RFK Jr. Comes Out In Support Of Reparations

(BrightPress.org) – Independent presidential candidate Robert Kennedy Jr. came out in favor of reparations for the black community, but not direct cash payments like they’re considering in California.

Kennedy said he supports using tax dollars to “rebuild black infrastructure,” including banks and small businesses. He also prefers tax credits to giving away cash across the board.

On his website, Kennedy’s campaign states he supports “specifically targeted repair” of communities that were negatively impacted by the effects of Jim Crow and other Civil Rights Era attacks on minority communities. His rationale is that these organizations and communities were destroyed using public institutions, and so they should be rebuilt by the same institutions.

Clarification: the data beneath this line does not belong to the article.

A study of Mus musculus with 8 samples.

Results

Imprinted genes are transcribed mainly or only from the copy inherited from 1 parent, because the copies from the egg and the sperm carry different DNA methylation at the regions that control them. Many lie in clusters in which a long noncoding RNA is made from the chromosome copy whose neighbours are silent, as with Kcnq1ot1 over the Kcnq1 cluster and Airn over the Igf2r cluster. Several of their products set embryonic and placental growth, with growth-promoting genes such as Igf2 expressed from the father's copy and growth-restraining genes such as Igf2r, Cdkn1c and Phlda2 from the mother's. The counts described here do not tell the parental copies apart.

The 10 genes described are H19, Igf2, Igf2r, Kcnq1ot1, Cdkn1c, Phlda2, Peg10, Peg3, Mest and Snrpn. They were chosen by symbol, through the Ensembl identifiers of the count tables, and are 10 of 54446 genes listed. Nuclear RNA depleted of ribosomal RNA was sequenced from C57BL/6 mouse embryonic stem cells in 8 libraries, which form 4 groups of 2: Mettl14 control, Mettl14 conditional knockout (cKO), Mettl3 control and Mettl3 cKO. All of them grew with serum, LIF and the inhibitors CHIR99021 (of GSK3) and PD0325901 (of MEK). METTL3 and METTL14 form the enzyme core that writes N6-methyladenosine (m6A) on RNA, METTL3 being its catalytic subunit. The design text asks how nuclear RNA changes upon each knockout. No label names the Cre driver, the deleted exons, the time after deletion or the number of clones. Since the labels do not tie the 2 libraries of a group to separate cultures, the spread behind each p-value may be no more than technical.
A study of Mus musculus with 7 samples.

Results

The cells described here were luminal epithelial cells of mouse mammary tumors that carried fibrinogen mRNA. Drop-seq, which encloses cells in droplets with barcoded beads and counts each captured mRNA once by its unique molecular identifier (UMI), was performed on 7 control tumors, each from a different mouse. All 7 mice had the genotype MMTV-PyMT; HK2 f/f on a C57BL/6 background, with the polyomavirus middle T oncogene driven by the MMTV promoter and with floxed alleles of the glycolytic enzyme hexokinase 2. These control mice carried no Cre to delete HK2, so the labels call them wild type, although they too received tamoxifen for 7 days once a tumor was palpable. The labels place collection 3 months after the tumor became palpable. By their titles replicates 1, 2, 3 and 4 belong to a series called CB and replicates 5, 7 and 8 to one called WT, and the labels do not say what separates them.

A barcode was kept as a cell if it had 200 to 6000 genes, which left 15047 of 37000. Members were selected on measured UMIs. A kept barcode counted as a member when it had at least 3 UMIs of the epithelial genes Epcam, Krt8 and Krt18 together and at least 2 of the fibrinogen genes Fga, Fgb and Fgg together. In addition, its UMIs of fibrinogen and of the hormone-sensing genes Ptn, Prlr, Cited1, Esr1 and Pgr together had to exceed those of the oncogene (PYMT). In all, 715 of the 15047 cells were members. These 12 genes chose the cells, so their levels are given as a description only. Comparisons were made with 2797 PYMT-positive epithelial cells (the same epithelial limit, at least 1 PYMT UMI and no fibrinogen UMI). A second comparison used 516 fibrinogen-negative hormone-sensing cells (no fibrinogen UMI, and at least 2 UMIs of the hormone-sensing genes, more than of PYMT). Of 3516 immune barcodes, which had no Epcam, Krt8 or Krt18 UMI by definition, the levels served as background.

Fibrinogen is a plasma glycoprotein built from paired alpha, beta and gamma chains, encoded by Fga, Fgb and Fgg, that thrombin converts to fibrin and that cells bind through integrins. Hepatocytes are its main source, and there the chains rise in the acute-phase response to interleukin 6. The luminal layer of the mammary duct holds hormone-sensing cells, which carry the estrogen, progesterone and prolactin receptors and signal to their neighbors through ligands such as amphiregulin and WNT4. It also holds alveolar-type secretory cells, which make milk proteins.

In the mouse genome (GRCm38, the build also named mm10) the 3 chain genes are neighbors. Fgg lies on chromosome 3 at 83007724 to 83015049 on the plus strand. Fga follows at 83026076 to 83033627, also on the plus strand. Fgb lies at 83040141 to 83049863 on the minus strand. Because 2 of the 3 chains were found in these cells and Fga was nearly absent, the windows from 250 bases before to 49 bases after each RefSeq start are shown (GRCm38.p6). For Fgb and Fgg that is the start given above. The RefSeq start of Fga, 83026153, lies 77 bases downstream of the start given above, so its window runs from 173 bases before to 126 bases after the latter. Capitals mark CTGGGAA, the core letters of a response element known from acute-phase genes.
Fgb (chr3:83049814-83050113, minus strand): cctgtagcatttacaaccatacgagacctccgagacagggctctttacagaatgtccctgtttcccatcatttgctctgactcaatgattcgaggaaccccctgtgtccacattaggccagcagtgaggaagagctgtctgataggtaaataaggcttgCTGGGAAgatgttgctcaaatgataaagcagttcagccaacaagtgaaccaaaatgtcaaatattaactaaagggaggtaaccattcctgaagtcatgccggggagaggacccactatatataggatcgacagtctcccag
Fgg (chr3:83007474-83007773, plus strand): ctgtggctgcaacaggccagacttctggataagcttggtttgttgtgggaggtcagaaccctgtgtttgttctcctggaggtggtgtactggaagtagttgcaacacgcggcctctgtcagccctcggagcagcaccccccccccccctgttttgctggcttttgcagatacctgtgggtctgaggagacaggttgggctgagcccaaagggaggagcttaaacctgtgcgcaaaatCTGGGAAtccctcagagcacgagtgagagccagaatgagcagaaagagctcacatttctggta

He said victims of Jim Crow and other persecutions should be given tax credits or direct redress payments for specific crimes against them instead of blanket cash handouts.

Speaking with YouTuber Math Hoffa in July, Kennedy explained that these interventions would be less polarizing than other reparations policies as they would “benefit everybody.” He explained that having more vibrant small businesses in a community is beneficial to everyone and helps boost the local economy.

Kennedy will have to navigate the difficult process of getting on the ballot in all 50 states if he wants to have a serious chance at winning or even making a significant impact in the race. Thankfully, he’s got the war chest to make a serious effort. Kennedy’s name and popularity have contributed to him raising millions of dollars since announcing his bid.

His press secretary Stefanie Spear said he’ll “be on the ballot in all 50 states,” despite the difficulties of navigating each state’s unique requirements and legal challenges. In some states, candidates can be challenged and blocked from accessing the ballot simply by having a lawyer file paperwork. Without a contesting legal battle, the default judgment can block small candidates from getting on the ballot.